When people ask me what I do for a living and I tell them I develop web applications, they often give me a blank look. When that happens, I backtrack, generalize, and tell them I build web sites and they go, “Oh, okay!”

So what is the difference between a web site and a web application?

We all know what a web site is, so let’s focus on web applications. Web applications, or Rich Internet Applications (RIA), are presented as either a web site or as part of a web site, but not all web sites are web applications. A web application is a web site that DOES something other than display content to the masses. It’s intended for user interactions and transactions, performing actual business functions, and not simply displaying information to a user.

Ebay is a web application. So are Paypal, Twitter, Facebook, YouTube, Flickr, eHarmony, eTrade, GMail, and Wikipedia. Your bank, assuming it offers online banking, has a web application component on its site. If you can think of a site where you create an account, log in, and conduct some actual business, it’s probably a web application.

By contrast, a web site usually refers to the front-end interface through which the public interacts with a business online. Web sites are typically informational in nature with a limited amount of advanced functionality. Simple websites consist primarily of static content where the data displayed is the same for every visitor and content changes are infrequent. More advanced websites may have features such as eCommerce, content management and dynamic content. Simple websites are basically clearing houses for information. The UGA Athletics Site is such a site, as are CNN.com, Nytimes.com and Nike.com.

Many large sites are a blend of the two. For example, Fidelity.com is a good example of a website with a web application built into it. A member of the general public can go to Fidelity.com and do research on current market trends, learn about the Fidelity company and the financial products they offer, learn tips on saving for retirement, etc. This part of the site is just a regular old web site.

However, if I have Fidelity accounts, I can sign on to a protected part of the Fidelity site where I can buy or sell stocks & mutual funds, track potential investments, get advice from Fidelity’s advisors regarding my accounts, all through a nicely designed user interface. This part of Fidelity’s site is a web application — it facilitates business actions over the web, and I can conduct business on the site just like I could if I were sitting in a brick and mortar office.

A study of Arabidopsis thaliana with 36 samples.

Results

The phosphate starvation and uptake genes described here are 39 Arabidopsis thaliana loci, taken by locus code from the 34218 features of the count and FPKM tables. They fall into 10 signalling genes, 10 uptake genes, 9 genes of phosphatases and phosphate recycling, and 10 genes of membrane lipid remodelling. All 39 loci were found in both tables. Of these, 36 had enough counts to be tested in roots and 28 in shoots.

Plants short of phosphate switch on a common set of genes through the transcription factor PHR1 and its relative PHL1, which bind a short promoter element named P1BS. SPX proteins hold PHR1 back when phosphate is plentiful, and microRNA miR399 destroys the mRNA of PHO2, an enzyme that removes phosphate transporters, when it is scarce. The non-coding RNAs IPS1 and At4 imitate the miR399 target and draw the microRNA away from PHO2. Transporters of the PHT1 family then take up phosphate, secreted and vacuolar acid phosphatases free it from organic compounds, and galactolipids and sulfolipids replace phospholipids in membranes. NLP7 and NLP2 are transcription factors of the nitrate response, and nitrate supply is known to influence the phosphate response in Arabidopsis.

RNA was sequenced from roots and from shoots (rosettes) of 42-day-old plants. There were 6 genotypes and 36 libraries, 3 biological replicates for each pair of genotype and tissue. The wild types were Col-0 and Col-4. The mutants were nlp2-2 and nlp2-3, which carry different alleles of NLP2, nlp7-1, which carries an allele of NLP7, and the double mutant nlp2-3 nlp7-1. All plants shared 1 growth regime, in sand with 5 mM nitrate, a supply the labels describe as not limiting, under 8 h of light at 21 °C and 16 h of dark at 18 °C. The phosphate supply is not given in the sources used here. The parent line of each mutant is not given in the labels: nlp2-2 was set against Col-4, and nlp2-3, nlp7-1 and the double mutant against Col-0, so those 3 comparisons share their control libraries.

Here at Plexus, we build web sites with an integrated content management application. So in that sense, every site we build has a web application built into it. Most of our clients don’t need anything more than that, but a small percentage of our clients need their site to perform specific interactions with users. Our most recent web application is Listingtank.com, a site where renters looking for apartments can get cash rewards for a finding and signing lease through the site. Its business function is to match renters with property managers and to generate revenue for everyone involved. Is it a web site? Yes. But to simply call it a web site simply doesn’t do it justice. Another client, Bulldawg Illustrated, uses their site to manage subscriptions to both their print and online publications. Another client recently built an application on their site to track data on local public health clinics.

Given this knowledge, the trick for any business with an online presence is to decide whether its web site could actually be used as a web application, and what business actions that application could conduct. Savvy business owners, such as Listingtank, have figured out how to adapt the technology we’ve made available to them to create a site that not only performs business functions, but is actually THE means by which they conduct business.

There are countless firms out there that can build you a web site. But can they build you a web application, customized to meet your business’ specific needs? Can they take your traditional business functions and translate them to an interface allowing your customers to do business with you from their home or laptop? Plexus can. We love building web applications because each one is different, and each business has a specific set of needs. What business function do you want your web site to take on? The sky’s the limit.